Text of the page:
What Will I Do with the Gold?

by Jack and Joy Houston

The artist reviews the gilded, sculpted prints.

The artist reviews the gilded, sculpted prints.

“My name is Thompson because da Vinci was already taken,” Al quips in his typical, quick humor. In fact, there are similarities between the 15th century artist and Al Thompson, born in 1928. Both justly claim a diversity of talents: painting, sculpting, inventing, writing, to name a few. An exhibition of Al’s most recent creations opens December 3 at el attico, 4a. Av. 15-45, zona 14, Guatemala City. He calls his art form ‘sculpting the print’.

It all began about 20 years ago when archaeologist and La Antigua Guatemala resident Ed Shook recognized the artist in teacher/educator Al Thompson and offered to sell him six ‘books’ of 24Kt gold leaf on tissue paper pages. That sounded interesting, so “Sure, why not?” thought Al. He bought the little books, about five inches square, stamped Made in Germany, then forgot about them for years while he painted with oils, cultivated coffee, devised equipment with which to process it and wrote books. Eventually, there they were again.

“What will I do with the gold?” he asked Antigua friend Barbara Leaver. Barbara remembered seeing the work of Gustav Klimt in Austria and brought Al a book of prints. Early in the 20th century Klimt, recognized as Vienna’s greatest painter, used gold to bring life and energy into his Byzantine-inspired mosaic style paintings. “The problem with prints is that they’re inert compared to originals,” Al and his friends agreed. He played with ideas of how to re-energize the prints with gold. “Living in Guatemala is marvelous. If I get a yen to do something, there’s not a pile of peers to question it. No one said, ‘Don’t do that! Why are you wasting that gold!’ ”

The first challenge was how to lift the fragile gold leaf from the tissue page without disintegrating or destroying it. “Gold leaf is 3/100,000 of an inch thick!” He figured out that he could slide the gold leaf onto waxed paper, then ve-e-e-r-y carefully, but also very quickly, pat onto it a layer of tissue paper brushed with white glue. To his delight he discovered that this not only stabilized the gold leaf, but it shriveled and shrunk into attractive texture. A second layer of tissue glued to the first secured the sheet.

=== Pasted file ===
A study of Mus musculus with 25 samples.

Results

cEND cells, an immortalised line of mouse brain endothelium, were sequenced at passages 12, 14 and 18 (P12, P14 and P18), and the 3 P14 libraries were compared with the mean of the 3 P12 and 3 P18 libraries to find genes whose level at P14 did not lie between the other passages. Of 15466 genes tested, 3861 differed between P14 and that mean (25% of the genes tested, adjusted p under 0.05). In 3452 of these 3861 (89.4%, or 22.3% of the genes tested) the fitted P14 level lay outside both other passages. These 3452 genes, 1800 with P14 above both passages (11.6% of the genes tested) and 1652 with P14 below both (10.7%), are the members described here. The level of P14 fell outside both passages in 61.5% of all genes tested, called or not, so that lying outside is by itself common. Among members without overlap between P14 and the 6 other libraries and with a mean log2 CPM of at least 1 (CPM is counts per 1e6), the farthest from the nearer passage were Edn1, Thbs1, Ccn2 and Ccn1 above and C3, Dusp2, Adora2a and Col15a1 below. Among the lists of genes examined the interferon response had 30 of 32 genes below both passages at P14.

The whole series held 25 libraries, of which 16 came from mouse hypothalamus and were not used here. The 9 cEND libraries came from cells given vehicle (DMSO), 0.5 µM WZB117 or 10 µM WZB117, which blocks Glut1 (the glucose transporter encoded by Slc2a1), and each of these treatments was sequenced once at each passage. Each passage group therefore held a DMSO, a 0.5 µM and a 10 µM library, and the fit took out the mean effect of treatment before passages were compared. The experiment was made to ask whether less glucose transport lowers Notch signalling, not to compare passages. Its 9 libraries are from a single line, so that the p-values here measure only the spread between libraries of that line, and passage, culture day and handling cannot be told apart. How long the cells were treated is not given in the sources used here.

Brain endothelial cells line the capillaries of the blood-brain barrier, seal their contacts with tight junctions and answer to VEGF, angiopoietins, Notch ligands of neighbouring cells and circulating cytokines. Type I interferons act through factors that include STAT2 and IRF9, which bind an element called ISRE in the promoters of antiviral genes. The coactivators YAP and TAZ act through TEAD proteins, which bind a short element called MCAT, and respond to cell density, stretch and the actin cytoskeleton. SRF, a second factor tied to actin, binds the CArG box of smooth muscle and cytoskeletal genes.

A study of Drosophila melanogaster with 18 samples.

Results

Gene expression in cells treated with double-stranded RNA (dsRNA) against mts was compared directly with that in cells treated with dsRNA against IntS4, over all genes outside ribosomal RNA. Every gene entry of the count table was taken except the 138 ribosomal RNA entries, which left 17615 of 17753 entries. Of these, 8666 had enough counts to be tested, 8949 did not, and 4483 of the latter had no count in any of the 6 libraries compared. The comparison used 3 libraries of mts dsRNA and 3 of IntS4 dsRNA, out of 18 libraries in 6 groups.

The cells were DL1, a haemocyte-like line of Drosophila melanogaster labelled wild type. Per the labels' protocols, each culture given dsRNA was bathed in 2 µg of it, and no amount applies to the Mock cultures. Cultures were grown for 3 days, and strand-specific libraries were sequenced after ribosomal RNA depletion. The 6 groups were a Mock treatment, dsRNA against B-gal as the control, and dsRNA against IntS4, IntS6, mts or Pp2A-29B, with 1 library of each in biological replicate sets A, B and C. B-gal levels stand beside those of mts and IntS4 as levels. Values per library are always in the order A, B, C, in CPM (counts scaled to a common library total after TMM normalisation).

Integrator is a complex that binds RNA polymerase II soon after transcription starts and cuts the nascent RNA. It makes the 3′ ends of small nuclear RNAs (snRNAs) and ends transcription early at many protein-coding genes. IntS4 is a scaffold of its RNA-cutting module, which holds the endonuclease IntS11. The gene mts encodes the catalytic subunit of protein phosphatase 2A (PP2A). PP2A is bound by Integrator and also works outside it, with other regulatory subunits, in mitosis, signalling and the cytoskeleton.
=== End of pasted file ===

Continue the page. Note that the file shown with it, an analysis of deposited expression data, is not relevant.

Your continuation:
Next, how to use the sheets of gold leaf. Paint with enamel? Use as background or mats? Enhance prints? Yes, yes and yes. He experimented with these and “all by accident” came up with the idea of “sculpting the print. Then I fiddled with the glass idea to float the print over gold background.”

In addition to Klimt works, “I googled icon,” he states proudly, and searched the web for non-copyrighted masterpieces and manuscripts from all over the world—Italy, Greece, Turkey—to print out and make copies. Then, with a razor knife, sensitive to the line and form intrinsic to the subject, he meticulously cut out the details to gild. “I laid the print on the glass first, because my wife doesn’t like me to cut through the table.”

Carolyn, Al’s wife and clearly valuable consultant, comments that Al is engrossed in his work before dawn. “He spends a lot of time just staring at the print, coming to the right interface between gold and picture.” Al agrees. “About three in the morning I see these pictures in my head and get ideas about how to make them come out, to actualize them.” Added adornments of flamboyant swirls and zigzag loops achieve just the right balance to enhance the subject. The three-dimensional finished work of four-layers—gold leaf, glass, print, glass—breaches the barrier between illusion and reality. The gold background catches the light through the sculpting, and the print comes alive. “It’s a reincarnation! Then it gets even more exciting with a frame.” The final touch, the signature: A. Gray Thompson. Gray captained the ship on which Al’s great-grandparents sailed back and forth between Britain and Australia with supplies during gold rush days, perhaps planting Al’s history with gold.

Al developed useful skills in his previous hobbies of crafting jewelry, icons, nativity scenes and chess sets with silver. That ended, also by accident, when a priest friend slammed Al’s finger in a car door and, “I couldn’t hammer anymore.” Ever the optimist, Al only saw that as opportunity to move on. After retirement in Antigua in 1989, he started to paint with oils. “These were stepping stones,” he says, toward this latest achievement.

Like da Vinci and Klimt, Al Thompson comes from a simple background. Da Vinci’s mother was a peasant; Klimt’s father was a goldsmith, Al’s a welder. Also like Klimt, Al is good-natured and sociable but enjoys the solace of his studio. He’s a Fulbright scholar with a Ed.D. from Berkeley. Friends would argue his description as a ‘self-perceived failure’, but maybe that comes with the territory of genius. In Barbara Leaver’s words, ”Al has out-Klimted Klimt.”

The gold is almost all gone, now in the 26 framed works of the exhibit. There will not be more. Why? “Because I’ve finished this,” says Al. “I feel a sense of accomplishment.”

Exhibition at el attico runs until Dec 23. Call for schedule: 2368-0853.